Ernest Barteldes By

New Jersey Performing Arts Center
Newark, NJ
March 15, 2015

On their NJPAC debut, the Lisbon-based duo formed by Tó Trips and Pedro V. Gonçalves walked silently onto the stage as a short video introduction was played. They immediately launched into "Povo Que Cais Descalco," an instrumental based around acoustic and electric guitar, immediately following "Waiting For Nick," a tune filled with distortion and fast riffs. The duo then briefly introduced themselves and followed with "Muidas e Motas," a song they mentioned roughly translates as "Girls and Motorbikes."

The duo had little to no interaction with the audience, and often performed with their heads down and with their backs almost turned from the audience. Their songs evoked various influences, going from Brazilian funk to fado—examples of the latter are "Rodada" and "Lisboa Mulata," two slow-tempo tunes with a more traditional feel. They also used various instruments, ranging from acoustic and electric guitars, acoustic bass and melodica throughout the set. Their set was more of a showcase comprising of nine tunes—the last being "Bunch," a very electric and rock-inflected tune that showcased their individual talents as soloists.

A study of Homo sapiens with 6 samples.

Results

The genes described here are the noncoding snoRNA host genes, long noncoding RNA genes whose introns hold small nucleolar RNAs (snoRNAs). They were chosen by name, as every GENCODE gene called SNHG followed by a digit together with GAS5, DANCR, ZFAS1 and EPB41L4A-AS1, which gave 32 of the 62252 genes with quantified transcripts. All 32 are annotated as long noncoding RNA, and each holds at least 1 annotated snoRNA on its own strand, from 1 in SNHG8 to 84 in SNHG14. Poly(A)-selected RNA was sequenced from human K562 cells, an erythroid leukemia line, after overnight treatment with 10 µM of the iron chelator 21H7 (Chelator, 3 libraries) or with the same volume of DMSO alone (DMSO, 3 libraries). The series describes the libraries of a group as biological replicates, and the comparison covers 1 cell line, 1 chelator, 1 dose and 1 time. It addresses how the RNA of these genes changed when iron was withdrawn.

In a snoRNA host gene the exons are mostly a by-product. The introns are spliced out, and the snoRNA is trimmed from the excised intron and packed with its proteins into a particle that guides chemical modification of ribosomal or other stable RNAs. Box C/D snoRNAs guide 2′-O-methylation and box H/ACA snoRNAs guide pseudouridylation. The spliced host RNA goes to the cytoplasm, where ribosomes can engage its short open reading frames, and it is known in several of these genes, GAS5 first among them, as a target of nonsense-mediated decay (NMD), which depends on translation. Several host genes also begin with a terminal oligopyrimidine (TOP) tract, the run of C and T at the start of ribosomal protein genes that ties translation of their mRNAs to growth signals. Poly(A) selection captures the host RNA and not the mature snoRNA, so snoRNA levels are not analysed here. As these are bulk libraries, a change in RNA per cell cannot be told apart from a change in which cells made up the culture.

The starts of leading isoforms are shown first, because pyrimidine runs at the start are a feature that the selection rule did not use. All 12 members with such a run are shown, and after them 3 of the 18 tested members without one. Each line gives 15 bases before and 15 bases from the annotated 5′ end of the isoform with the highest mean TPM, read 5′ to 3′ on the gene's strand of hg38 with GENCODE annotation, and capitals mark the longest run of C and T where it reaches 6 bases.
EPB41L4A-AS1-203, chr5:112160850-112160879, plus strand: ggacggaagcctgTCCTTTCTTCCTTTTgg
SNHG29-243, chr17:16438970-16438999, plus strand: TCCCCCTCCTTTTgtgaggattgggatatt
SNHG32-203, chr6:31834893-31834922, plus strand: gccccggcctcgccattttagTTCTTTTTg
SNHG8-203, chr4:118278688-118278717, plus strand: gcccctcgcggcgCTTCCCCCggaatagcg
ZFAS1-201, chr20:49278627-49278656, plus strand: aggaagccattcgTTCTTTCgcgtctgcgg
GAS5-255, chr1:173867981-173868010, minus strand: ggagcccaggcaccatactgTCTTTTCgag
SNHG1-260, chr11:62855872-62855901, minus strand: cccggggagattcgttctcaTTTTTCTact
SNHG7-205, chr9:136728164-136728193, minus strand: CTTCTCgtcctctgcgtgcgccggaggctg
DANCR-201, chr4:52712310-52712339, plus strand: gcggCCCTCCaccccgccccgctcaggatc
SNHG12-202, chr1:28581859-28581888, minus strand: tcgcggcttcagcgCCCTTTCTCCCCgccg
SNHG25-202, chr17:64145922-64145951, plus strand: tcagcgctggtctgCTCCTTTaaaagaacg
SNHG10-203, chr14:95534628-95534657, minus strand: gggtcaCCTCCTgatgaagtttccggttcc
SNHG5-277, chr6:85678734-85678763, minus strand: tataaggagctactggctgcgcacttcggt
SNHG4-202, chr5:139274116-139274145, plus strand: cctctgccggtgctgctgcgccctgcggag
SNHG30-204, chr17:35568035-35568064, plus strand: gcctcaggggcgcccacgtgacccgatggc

After a short intermission, fado singer Camané took to the stage backed by an acoustic trio formed by José Manuel Neto (Portuguese guitar), Carlos Manuel Proença (Spanish guitar) and Paulo Paz (acoustic bass) and performed a very traditional set that included "Mote" and "Quadras," two Fernando Pessoa poems set to music. Like most "fadistas," his songs spoke of the beauties of Lisbon, yearning for loves lost and the pain of being far away from home. Some of the tunes had a more humorous feel—for instance, "Eu Tinha Uma Amiga" told the story of a woman who would never pick up the phone when called—this happened repeatedly until finally the narrator finally gave up and said he "wasn't home" when she finally returned the calls.

One of the few prominent male voices in a genre dominated by female performers, Camané sang with great strength and charm—he included a few newer tunes and apologized at one point for having to read the lyrics to "Abandono," a tune he said would be part of an upcoming release. His trio was incredibly tight—Neto had some incredible individual moments—at one time the singer stopped singing so he would get the spotlight.